Medium Term Plans
SCOS-2000® (Release 4.0) was available in early 2005. It addressed for the first time multi-mission and multi-domain (a domain would normally correspond to a spacecraft in a constellation mission) issues. The main objectives were:
- To be able to share servers and clients across missions, thus minimizing the amount of hardware platforms to support mission families
- To be able to control constellations of satellites without having to deploy one full system per satellite
These objectives were fully consolidated early in year 2006 with Release 5.0. This release extended the multi-domain capabilities and enabled full automation of SCOS-2000® interactions.
Multi-mission/Multi-domain capabilities: the current design of SCOS-2000® is based on the concept of single-spacecraft systems running on dedicated platforms. The design will be adapted to the needs of missions involving the monitoring and control of satellite constellations as well as to the needs of 'mission families' sharing common control positions.
Automation: the current design of SCOS-2000® is primarily driven by the needs of spacecraft operators interacting with the system via Man-Machine Interfaces. Current and future missions are expected to require an increasing level of ground operations automation; such to minimize the number of daily shifts required to monitor and control one (or a constellation of) spacecraft.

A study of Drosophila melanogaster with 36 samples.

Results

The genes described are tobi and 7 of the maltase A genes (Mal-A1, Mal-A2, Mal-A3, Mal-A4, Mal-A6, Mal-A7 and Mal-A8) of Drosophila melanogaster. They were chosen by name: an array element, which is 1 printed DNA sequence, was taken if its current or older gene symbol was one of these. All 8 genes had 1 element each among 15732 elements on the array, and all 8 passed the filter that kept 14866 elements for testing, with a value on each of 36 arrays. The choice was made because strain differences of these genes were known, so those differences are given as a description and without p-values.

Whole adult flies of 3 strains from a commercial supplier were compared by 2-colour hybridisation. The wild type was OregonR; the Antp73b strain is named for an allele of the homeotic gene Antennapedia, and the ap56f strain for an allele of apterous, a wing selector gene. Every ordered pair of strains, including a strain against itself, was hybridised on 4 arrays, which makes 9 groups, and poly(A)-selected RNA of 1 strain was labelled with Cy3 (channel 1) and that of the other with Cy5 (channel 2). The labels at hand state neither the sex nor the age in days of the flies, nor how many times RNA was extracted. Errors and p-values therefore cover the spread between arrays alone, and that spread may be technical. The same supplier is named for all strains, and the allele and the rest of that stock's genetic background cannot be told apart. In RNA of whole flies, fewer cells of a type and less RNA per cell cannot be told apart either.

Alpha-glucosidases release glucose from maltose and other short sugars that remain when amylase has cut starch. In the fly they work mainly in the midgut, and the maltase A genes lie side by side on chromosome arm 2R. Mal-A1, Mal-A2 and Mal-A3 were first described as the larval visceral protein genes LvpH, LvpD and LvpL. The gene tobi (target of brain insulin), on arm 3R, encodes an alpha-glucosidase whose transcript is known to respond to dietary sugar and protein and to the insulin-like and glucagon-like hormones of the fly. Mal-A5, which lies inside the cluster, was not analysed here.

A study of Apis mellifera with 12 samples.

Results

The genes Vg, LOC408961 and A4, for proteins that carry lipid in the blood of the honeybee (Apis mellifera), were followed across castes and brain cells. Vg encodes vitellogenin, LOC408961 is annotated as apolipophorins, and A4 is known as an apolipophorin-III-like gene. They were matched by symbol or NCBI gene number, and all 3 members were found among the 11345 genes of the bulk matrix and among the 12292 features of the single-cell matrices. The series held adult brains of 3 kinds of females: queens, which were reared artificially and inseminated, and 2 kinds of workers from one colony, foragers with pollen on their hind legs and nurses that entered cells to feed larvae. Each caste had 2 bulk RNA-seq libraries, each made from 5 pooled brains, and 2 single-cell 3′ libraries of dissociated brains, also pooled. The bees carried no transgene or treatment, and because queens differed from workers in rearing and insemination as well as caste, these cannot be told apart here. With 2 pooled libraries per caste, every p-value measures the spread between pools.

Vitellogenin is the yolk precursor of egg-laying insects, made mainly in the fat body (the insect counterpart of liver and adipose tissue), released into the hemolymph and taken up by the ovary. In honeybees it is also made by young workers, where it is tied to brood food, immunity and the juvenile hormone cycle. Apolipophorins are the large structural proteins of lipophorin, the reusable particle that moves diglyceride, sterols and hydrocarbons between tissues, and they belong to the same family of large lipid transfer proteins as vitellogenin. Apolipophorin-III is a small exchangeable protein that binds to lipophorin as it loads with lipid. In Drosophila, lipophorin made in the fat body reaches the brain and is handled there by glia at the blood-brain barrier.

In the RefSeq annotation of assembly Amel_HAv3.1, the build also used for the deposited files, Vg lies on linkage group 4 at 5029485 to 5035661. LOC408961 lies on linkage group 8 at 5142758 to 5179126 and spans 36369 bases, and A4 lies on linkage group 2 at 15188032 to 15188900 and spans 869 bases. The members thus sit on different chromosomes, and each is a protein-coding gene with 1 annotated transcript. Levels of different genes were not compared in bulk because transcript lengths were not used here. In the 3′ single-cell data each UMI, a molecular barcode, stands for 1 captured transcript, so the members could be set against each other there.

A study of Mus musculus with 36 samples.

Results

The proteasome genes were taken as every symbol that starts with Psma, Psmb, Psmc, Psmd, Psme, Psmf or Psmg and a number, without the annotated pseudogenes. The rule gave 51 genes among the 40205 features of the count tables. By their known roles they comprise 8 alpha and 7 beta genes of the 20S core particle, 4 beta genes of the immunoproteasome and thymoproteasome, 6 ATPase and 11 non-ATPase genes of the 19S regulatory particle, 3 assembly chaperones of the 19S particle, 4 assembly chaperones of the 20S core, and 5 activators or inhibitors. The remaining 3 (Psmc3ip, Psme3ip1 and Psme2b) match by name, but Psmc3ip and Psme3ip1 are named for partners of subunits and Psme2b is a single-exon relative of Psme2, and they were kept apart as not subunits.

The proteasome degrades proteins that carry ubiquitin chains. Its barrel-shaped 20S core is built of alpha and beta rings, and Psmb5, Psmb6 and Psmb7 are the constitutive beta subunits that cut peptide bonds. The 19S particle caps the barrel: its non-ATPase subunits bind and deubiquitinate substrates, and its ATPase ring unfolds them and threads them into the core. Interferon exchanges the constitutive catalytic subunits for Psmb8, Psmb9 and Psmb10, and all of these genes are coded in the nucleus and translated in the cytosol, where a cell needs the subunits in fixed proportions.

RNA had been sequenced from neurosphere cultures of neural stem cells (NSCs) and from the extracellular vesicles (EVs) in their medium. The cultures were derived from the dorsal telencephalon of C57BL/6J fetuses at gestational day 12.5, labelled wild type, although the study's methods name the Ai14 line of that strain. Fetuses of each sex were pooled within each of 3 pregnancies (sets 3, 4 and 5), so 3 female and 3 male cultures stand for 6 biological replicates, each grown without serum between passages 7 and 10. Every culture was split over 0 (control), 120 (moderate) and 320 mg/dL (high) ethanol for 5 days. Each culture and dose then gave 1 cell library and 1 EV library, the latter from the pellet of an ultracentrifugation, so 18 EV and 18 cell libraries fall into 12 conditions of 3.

Increase in performance: future missions are likely to demand and increase in the filing, processing, retrieval and distribution of operational data.
Maintainability/Productization: the transformation of SCOS-2000® from a piece of ESA's infrastructure into a fully usable product is a process that started to take place in year 2001. Such transformation involves the optimization and removal of dependencies between subsystems. In general, improvements to the maintainability of this continuously 'growing' and 'evolving' system both on the side of the software implementation as well as on the side of design documentation, are taking place in parallel with new developments.
Harmonization of Ground Operations Systems and Standardization: a major objective is the identification of a common set of low level services that can be re-used across the different systems as well as the harmonization of the technology and standards adopted for the external services. This will ensure that the implementation of the services offered by the different ESOC ground systems is harmonized and re-usable wherever possible.
Portability: the latest SCOS-2000® release is compatible with both Linux and Solaris Operating Systems, thus enabling the code to be run on different hardware platforms. Further enhancements are planned to increase the independence from the underlying technology (e.g. programming language, middleware, COTS products) in order to improve the long-term portability.